Myth: If I’m Really Good at a Certain Subject, I Should Major In It

It’s a common belief that if you’re good at something, you should make it your life’s path. This is especially the case when it comes to college. Many students believe that if they’re really good at a certain subject, they should major in it. However, that’s not always the case. You might find you’re strong in history, but it might not be the best major for you and your goals. Here’s an explanation on why this idea is a myth and how you can go about using your strengths in the major you choose.

There May Not Be a Career You’re Interested In

When considering a major, you should have some sort of career or end goal of what you’d like to do in mind. What you’re strong at doesn’t always translate to your career goals. You have to consider the whole before diving into one particular subject.

You May Not Be Passionate About It

You may excel at math and have been in all advanced classes during high school, but that doesn’t always mean you’re passionate about it. You could find yourself taking courses, intending on majoring in math, and realize you just don’t enjoy the subject or career path you’re on. That’s okay. What you’re good at doesn’t always translate to a career.

Consider Both Strengths AND Passions

When choosing a major, it’s important to consider both your strengths and your passions. Together they can help you find a path that fits your interests and personality. There could also be a way to incorporate your strengths into your major. For example, you may want to minor in history, a strong subject for you, even if you decide to major in English.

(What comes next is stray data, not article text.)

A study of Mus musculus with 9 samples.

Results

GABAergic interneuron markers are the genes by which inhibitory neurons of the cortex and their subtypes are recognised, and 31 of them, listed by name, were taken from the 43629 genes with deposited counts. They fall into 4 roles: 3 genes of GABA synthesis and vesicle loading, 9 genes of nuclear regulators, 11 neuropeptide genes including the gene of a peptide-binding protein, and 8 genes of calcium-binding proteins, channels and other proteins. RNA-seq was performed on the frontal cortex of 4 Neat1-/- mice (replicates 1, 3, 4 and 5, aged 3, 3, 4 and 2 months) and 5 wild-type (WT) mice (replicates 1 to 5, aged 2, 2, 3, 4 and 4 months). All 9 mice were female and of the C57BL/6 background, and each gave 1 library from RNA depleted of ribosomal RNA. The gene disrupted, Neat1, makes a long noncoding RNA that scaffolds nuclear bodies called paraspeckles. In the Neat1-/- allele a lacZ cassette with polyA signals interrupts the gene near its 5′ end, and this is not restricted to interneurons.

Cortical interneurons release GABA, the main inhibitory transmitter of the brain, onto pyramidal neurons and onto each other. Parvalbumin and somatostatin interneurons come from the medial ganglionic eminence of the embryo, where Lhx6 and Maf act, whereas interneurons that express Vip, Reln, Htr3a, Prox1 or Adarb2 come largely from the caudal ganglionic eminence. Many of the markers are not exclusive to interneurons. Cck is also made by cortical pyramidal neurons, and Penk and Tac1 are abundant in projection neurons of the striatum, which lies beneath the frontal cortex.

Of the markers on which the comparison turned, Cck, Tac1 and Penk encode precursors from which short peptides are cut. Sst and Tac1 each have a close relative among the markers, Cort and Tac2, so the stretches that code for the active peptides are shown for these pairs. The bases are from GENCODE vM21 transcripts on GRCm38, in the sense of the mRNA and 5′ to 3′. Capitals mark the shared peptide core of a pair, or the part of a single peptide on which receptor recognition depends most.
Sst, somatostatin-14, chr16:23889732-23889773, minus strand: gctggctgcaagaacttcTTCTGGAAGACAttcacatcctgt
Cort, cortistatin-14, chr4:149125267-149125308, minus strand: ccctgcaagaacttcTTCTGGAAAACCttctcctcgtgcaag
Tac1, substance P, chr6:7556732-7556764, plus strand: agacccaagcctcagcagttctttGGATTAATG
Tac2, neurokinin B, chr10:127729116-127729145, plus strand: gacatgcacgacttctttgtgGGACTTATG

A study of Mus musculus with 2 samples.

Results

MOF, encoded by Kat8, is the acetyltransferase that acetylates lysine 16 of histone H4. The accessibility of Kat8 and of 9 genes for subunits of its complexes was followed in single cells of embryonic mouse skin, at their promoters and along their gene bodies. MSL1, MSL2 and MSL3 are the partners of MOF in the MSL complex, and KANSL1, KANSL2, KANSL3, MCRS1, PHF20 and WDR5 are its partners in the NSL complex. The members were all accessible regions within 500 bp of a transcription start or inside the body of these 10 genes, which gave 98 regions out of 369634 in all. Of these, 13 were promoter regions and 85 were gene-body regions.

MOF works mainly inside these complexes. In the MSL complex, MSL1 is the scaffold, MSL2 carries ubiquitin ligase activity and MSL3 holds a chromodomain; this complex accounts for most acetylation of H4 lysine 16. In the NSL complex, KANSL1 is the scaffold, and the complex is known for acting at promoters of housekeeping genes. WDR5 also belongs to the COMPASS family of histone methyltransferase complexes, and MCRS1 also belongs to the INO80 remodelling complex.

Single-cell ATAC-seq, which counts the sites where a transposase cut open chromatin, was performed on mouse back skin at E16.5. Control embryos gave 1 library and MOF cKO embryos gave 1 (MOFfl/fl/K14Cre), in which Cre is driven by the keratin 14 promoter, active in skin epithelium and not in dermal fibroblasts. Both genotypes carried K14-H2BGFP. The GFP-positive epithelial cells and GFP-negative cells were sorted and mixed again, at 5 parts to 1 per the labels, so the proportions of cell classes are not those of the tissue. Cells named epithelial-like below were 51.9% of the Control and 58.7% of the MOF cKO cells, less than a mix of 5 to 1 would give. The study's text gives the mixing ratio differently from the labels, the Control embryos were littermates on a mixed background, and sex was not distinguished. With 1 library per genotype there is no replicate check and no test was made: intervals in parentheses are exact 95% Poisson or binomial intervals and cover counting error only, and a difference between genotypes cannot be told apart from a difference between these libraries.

Take Electives

Electives, especially during your freshman and sophomore years of college, can be a gift to your education and future. They are an excellent way to explore your interests, passions, major, and even just classes you may think sound interesting. You can look into subjects that you’re considering or strong in.

You can also take courses related to your intended major and your strengths. Take the prior example: Majoring in English, but strong in history. You may want to consider a nonfiction writing course or an expository writing class. You may have ways of incorporating history into those courses.

Taking different electives can also help you find strengths or interests you never knew you had. If you think a course sounds interesting or could help you in the future, look into it! Research the class and see what it’s all about. If it sounds like something you’d enjoy, take it!

It can be easy to fall into the trap of thinking that what we excel at should be our career. However, you shouldn’t be looking at just your strengths or just your passions. It’s important to look at the whole picture and put together the pieces. Thinking about what you might like to do after graduation along with your interests can help you decide just what you should major in.